League of Legends
The Bag: What happened with LS and Cloud9?
The aftermath to one of the craziest stories in recent esports history
Welcome to The Bag.
Every week, I will graciously answer your questions about everything in the esports and gaming world. From the highbrow to the gutter, I will make sure to give you my honest, unfiltered opinion sponsored by absolutely nobody (yet).
Without further ado, let’s dive into the bag and see what we can pull out.
What happened with LS??????? — xOping
I have gotten many questions about Nick “LS” De Cesare, so I decided to throw up a quick mini mailbag to answer a few questions about the whole situation.
As most of you reading know by this point, Cloud9 League of Legends head coach LS was announced to be released from the team minutes before their Saturday regular season matchup with Counter Logic Gaming.
Since then, there has been rampant discussion on what happened to LS and why he was removed from the head coaching role. While I’ve talked to several sources on both sides of the issue on why he was released, I don’t feel confident at this point reporting on the matter. I can say that it’s not as simple as a single incident or thing that made everything unravel and that I would expect more to come out as the week progresses.
As always, once I feel comfortable reporting on the entire story following talks with more people in and around the situation, I will do my best to tell the whole story from multiple angles.
Is LCS worth watching now without ls? — Anonymous
Of course. I think this season of LCS has far more storylines than usual. Team Liquid could have the best team we’ve ever seen in the region, and there are surprises like FlyQuest atop the table that could become more critical stories if they prove they’re no fluke.
But I’m not going to lie. LS leaving does hurt LCS a lot. I literally wrote an entire feature (which got a lot of views) on how he’s a godsend for the league. Love him, hate him, it doesn’t matter. People were tuning in and engaging on social media about him, wanting to see if the next trick up his sleeve would work out or if he’d be left looking like a fool.
Something like FlyQuest, while nice, is something we see every year in esports. There are always underdog teams that surprise and succeed at different degrees. We see superteams like Team Liquid who stampede through a region before heading off to an international tournament.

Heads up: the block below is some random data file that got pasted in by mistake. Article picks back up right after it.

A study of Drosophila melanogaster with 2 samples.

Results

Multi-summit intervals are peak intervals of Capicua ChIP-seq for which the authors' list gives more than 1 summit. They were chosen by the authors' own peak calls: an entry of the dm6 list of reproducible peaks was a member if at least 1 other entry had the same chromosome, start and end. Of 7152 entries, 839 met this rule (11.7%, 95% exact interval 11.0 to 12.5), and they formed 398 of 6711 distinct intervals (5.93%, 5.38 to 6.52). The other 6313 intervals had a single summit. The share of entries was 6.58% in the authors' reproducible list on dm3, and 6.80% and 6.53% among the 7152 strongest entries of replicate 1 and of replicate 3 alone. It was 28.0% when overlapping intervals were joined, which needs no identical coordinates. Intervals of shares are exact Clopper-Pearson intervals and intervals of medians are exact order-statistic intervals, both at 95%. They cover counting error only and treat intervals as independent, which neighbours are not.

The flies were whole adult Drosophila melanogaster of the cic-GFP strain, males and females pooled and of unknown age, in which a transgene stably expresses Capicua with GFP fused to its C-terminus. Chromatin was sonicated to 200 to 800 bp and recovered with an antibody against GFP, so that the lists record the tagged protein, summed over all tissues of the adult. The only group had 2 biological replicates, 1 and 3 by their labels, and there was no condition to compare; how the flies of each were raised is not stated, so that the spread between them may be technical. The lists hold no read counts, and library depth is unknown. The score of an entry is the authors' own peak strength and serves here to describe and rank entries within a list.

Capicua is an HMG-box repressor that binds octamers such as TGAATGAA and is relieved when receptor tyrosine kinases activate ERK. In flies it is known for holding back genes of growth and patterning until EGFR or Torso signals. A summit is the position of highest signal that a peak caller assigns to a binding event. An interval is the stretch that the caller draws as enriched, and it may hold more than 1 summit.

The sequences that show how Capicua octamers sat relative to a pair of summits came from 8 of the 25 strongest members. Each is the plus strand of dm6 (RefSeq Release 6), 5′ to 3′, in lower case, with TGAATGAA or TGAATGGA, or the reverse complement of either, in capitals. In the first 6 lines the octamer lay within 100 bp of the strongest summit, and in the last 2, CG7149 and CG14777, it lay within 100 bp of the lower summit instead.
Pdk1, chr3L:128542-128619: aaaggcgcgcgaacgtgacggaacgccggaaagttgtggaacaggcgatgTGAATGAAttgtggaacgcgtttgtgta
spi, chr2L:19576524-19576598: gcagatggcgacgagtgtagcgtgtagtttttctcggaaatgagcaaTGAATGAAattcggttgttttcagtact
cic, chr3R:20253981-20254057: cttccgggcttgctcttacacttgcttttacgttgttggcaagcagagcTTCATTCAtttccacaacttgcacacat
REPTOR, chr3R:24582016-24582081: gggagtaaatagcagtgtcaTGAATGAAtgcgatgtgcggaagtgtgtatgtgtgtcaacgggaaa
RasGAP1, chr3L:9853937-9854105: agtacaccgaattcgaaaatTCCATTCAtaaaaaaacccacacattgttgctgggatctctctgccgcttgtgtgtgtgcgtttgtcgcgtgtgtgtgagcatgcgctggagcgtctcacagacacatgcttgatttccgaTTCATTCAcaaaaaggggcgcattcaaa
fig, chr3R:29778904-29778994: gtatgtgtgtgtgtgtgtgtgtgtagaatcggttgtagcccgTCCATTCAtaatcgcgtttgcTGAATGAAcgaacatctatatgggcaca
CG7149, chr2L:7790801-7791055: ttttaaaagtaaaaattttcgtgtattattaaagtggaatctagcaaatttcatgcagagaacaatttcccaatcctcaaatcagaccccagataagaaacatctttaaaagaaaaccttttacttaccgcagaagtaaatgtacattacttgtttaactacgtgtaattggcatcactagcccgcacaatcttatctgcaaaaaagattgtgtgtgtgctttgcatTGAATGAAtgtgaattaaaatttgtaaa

LS, like his drafts, was something different in a sea of the same. After a decade of League of Legends esports, finding something new isn’t easy. So when we get this confident coach with his unorthodox thinking and way of playing the game, the fans latch onto it.
The people who welcomed it wanted a revolution of a game they feel has stagnated. For the detractors, every C9 match was a chance to see if he would turn into a snake oil salesperson and fall apart at the seams. Whatever the outcome, win or lose, the story was only going to get bigger and bigger as the regular season turned to the playoffs and possible testing of this newfound philosophy against better international opponents.
In the end, neither side got what they wanted. LS was gone before we could even scratch the surface of how deep this rabbit hole could go. He finished with a 3-1 record before he could even square off with rivals like TSM or TL for the first time. It feels like we had something fun ripped from us as viewers before we could even see the conclusion.
Even the people who wanted LS to fail didn’t want him to exit like this. They wanted to see him fall on his sword and show his way of playing the game was wrong. In what could have been one of the more exciting stories ever in League of Legends esports ended before it got started.
C9 will still be a team to watch in the LCS and might very well win a championship in 2022, but there will also be a ‘what-if?’ attached to this story.
What if LS met T1 or another high-level Asian team at an international tournament?
What if it all fell apart mid-season after a few weeks of teams getting used to C9’s style?
What if it all worked out, and they did make it to the world championship, home crowds in New York City flocking to the Hulu Theater at Madison Square Garden like it’s a congregation?
We’ll never know, and that’s the worst ending of all.
About the Author
Tyler Erzberger is entering a decade of covering esports. When not traveling around the world telling stories about people shouting over video games, he’s probably arguing with an anime avatar on Twitter about North American esports.